Master storyteller Jeffrey Archer tells Mini Anthikad-Chhibber Harry’s story is a developing one and he doesn’t know how, where or when the Clifton Chronicles would end
Having just finished the third book in Jeffrey Archer’s Clifton Chronicles, Best Kept Secret (Pan Macmillan, Rs. 350), I am gnawing my fingernails at the cliff-hanger ending. “You’ll have to wait for another year to find out,” says Jeffery Archer gleefully over the phone from Mumbai. The best-selling author of breathless page turners including Kane and Abel and Not a Penny More, Not a Penny Less, has flown in from the Emirates Literature Festival in Dubai for a book tour for Best Kept Secret.
In 2011, when Only Time Will Tell came out, Archer said the book was the first of five covering a 100-year-time frame. Set between 1920 and 1939, the book told the story of Harry Clifton, a working class boy and his friendship with Giles Barrington, the son of the owner of the shipping company where Harry’s family work. The fast-paced book with the mandatory cliff hanger ending, follows Harry’s life through the many curveballs destiny throws his way and ends with Harry in America accused of murder.
The second book released in 2012, The Sins of the Father, is set during the Second World War and Best Kept Secret is set between 1945 and 1957. “The fourth is set between ’57 and ’64,” says Archer. So if the fourth of a five-book series ends in ’64, will the fifth cover 56 years? “I do not know! Yes, the time frames are shorter than I expected. It came as shock to me too. I cannot control it you know. At the end of the fourth book, Harry is only 44. Most probably there would be more than five books in the Clifton chronicles.”
The peer says Harry’s story is a constantly-developing one. “He might live to be 100. I can, however tell you, the next book sees a major disaster for Harry which radically changes things.” And I can see myself gnawing my finger nails some more!
Ask the former Member of Parliament why a saga and he says: “I wanted a challenge and liked the idea of covering a family through history.” Harry Clifton like Archer is a writer. “Yes Harry is based on me and Harry’s mum, Maisie, on my mother.” In the book, Harry goes on a book tour in America with detailed descriptions of radio interviews, and the pressure of making it into the New York Times Bestseller list.
“Yes, I have gone through all of that,” Archer says with a laugh. “It is tough living out of a suitcase, but it is part of the deal isn’t it? I enjoy the interviews and meeting my fans. But finally, the books have to tell a story.”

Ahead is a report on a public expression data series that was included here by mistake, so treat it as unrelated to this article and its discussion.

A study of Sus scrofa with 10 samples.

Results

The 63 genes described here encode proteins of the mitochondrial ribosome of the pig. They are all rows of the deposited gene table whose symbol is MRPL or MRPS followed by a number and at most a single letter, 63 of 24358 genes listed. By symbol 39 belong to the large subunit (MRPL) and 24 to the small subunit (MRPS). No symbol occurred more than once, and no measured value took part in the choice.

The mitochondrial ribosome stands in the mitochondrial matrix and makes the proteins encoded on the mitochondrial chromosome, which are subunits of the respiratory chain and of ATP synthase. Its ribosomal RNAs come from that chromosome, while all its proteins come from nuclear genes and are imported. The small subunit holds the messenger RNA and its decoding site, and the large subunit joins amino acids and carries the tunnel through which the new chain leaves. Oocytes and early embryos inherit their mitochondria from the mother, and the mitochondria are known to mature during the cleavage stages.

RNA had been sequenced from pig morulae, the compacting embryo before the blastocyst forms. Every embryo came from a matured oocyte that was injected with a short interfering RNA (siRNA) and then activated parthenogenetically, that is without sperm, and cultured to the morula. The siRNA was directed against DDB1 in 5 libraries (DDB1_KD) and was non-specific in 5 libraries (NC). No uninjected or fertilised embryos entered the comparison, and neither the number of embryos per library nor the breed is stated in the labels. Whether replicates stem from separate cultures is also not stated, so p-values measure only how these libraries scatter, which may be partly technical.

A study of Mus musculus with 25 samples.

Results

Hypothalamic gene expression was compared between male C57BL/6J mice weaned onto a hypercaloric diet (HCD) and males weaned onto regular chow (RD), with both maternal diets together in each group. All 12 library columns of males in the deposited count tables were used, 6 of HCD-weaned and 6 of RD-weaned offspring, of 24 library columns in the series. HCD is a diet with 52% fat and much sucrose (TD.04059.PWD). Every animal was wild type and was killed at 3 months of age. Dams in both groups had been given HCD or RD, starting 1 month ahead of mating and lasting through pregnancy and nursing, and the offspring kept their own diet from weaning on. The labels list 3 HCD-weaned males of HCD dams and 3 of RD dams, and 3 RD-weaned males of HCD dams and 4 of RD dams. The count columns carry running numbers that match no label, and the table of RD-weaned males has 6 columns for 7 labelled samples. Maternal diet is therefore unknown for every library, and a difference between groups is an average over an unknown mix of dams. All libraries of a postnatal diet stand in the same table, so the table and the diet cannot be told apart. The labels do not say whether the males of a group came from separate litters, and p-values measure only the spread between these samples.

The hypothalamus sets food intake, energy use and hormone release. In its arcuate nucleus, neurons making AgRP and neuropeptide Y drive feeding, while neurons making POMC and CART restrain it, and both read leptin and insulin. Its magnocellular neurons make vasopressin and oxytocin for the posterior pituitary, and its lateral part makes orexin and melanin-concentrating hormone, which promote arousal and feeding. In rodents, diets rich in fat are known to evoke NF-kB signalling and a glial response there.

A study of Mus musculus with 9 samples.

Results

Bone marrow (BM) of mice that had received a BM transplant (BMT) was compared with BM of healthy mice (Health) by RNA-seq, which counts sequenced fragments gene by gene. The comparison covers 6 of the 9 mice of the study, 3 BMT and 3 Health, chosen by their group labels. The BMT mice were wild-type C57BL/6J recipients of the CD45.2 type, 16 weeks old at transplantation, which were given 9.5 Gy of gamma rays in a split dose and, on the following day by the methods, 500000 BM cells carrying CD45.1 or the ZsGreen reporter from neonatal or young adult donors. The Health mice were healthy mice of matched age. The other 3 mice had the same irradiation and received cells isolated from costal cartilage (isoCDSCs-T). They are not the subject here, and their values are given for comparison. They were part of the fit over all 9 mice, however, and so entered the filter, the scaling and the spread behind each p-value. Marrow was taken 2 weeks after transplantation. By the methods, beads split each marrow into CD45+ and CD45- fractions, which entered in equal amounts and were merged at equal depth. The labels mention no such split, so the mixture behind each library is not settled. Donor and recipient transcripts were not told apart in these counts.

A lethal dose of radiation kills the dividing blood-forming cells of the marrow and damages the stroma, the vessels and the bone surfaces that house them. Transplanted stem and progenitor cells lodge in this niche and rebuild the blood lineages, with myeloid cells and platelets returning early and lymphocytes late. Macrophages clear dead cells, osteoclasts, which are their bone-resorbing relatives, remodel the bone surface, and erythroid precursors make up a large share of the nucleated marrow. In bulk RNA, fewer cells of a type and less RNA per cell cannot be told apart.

If the books are based on real life, what are the chances that the wicked people will recognise themselves and be offended? “Lady Virginia is not based on a real person. Fisher is based on three people, but I don’t think they will recognise themselves.”
The book is dedicated to Shabnam and Alexander. Archer explains saying while he loves India, he is not confident to write about India. “I don’t have enough knowledge.”
Best Kept Secret has a fascinating auction scene, where Archer’s keen eye draws these lovely word pictures of the swish set not thinking twice about dropping a small-size country’s GNP on the next big thing in art. Apart from auctions and politics, cricket figures prominently in the book, even being a part of a secret service code, which proves unbreakable thanks to the fact that “England had never been at war with a nation that played cricket.”
“Those are two subjects I have immense love for — I do a lot of art auctioneering for charity and cricket is my favourite sport. Like I said before I like to write about things I know and am comfortable with.”
While the book series covers a vast time frame, Archer says his favourite period is the “1960s. It was a time that was fascinating to a lot of people.” In Emma’s emancipation and empowerment, Best Kept Secret follows the women’s liberation movement. “I feel strongly about women’s rights. Emma, Harry’s love, is based on my wife, Mary who is a remarkable woman.”
Writing a saga, the 72-year old bestselling author comments, has pros and cons. “It is a challenge and a tremendous commitment. The pros are that with each book, the characters are established and reader knows them.”
Archer is a disciplined writer who writes 2,000 words “On a good day. I write from 6 a.m. to 8 a.m., 10 a.m. to noon, 2 p.m. to 4 p.m. and 6 p.m. to 8 p.m.” And does he ever face a day when the words do not flow? “That has never happened,” he comments firmly.
Of the Clifton Chronicles making it to screen, Archer says: “I think rather than a movie, it will make for a miniseries. BBC and HBO are looking at it as of now.”
Commenting that the India tour is hard work — “Four cities in seven days,” Archer says he does not have a favourite Indian city. “I come to Mumbai most often, I know a lot of people in Calcutta and love Chennai. But no, no favourite city.”
Signing off with a comment on cricket, Archer says “It is real joy that we beat you to the ground and double joy as you defeated Australia!”